U.S. manufacturers ended 2011 with their best month of growth since late spring, and the struggling construction industry spent more on projects for the third time in four months.
The data, along with strong reports from both Asia's and Europe's largest economies, bolstered hopes that the economy is gaining momentum and helped both Wall Street and commodities markets start 2012 with a bang.
In the U.S., factories hired more workers in December, saw the most growth in new orders since April and ramped up production. U.S. builders spent more in November on single-family homes, apartments and remodeling projects.
The Institute for Supply Management, a trade group of purchasing managers, said its manufacturing index rose to 53.9 from 52.7 in November. Readings above 50 indicate expansion.
The Commerce Department said spending on construction projects rose 1.2 percent in November to a seasonally adjusted annual rate of $807.1 billion.
And while that was the largest increase since a 2.2 percent rise in August, it's also barely half the $1.5 trillion economists consider healthy. Spending jumped 9.5 percent on home improvement projects in November. It rose 1.5 percent on single-family-home construction and gained 1.3 percent on apartment building.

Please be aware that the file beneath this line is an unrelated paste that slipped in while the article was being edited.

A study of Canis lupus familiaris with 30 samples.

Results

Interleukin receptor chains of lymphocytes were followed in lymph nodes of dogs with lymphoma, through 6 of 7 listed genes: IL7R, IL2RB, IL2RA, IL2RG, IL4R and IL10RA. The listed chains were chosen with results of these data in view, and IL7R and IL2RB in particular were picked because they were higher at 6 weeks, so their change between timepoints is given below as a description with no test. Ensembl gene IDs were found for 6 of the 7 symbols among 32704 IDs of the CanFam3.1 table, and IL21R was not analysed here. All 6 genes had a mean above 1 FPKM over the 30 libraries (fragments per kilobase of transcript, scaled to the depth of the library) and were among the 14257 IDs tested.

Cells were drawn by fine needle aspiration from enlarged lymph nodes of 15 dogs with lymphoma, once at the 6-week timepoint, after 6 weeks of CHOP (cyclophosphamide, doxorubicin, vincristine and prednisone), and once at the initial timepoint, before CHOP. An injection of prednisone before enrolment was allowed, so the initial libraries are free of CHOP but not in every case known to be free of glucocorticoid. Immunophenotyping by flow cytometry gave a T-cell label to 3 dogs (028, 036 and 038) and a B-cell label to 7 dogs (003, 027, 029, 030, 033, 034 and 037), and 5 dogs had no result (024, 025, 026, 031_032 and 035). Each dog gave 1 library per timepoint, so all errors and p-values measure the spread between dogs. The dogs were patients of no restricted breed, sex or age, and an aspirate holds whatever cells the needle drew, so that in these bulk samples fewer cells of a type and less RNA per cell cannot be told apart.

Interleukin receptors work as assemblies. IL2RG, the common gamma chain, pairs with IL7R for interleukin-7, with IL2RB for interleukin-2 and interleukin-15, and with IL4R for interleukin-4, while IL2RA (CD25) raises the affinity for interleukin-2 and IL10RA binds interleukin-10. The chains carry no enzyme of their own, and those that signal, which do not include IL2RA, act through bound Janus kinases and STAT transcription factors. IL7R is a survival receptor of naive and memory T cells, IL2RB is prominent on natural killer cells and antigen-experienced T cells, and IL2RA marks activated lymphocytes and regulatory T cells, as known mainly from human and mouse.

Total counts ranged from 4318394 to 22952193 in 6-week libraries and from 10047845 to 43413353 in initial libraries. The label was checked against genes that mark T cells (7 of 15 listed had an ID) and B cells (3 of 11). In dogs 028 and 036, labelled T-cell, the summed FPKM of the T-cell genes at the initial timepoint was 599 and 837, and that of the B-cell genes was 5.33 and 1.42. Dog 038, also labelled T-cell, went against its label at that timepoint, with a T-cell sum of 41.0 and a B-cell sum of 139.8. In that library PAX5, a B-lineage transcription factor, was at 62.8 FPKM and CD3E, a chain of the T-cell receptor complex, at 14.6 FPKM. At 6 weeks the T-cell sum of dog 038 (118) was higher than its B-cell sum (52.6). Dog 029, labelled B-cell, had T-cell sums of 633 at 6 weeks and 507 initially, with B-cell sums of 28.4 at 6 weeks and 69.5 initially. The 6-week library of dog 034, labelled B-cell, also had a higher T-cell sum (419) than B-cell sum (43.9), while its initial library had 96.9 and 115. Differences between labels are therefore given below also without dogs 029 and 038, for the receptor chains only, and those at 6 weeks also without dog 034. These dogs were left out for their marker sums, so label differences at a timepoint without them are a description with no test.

The strong reports correspond with other positive signs for the U.S. economy - higher consumer confidence, tumbling unemployment benefit applications, and the unemployment rate falling to a 3 1/2-year low.
"The trend for the U.S. economy is most decidedly to the upside," said Dan Greenhaus, an analyst at the brokerage firm BTIG LLC in New York.
Other good economic news flowed in from around the world Tuesday - China and India each reported that its manufacturing had increased, and German unemployment fell to 6.6 percent, a two-decade low - and the markets responded.
The Dow Jones industrial average closed up 180 points, or 1.5 percent, at 12,397 Tuesday; the Standard & Poor's 500 rose 19 points, or 1.6 percent, at 1,277; and the Nasdaq rose 44, 1.7 percent, to 2,649.
The positive news also helped commodity prices jump across the board Tuesday - silver ended up 5.9 percent, gold increased 2.2 percent, oil jumped 4.2 percent, and corn rose nearly 2 percent.
Economists still caution that Europe's debt crisis likely will slow global growth in the first half of the year, but the December ISM survey showed many factories have largely recovered from their slump earlier this year.
Exports rose despite the trouble in Europe. Growth in new orders means output likely will increase in the coming months. And U.S. factories hired last month at the fastest pace since June, an optimistic sign ahead of Friday's important measure of job growth in December.
"All in all, an upbeat report," said Peter Newland, an economist at Barclays Capital, who noted that the stronger manufacturing activity should contribute to faster economic growth in the October-December quarter.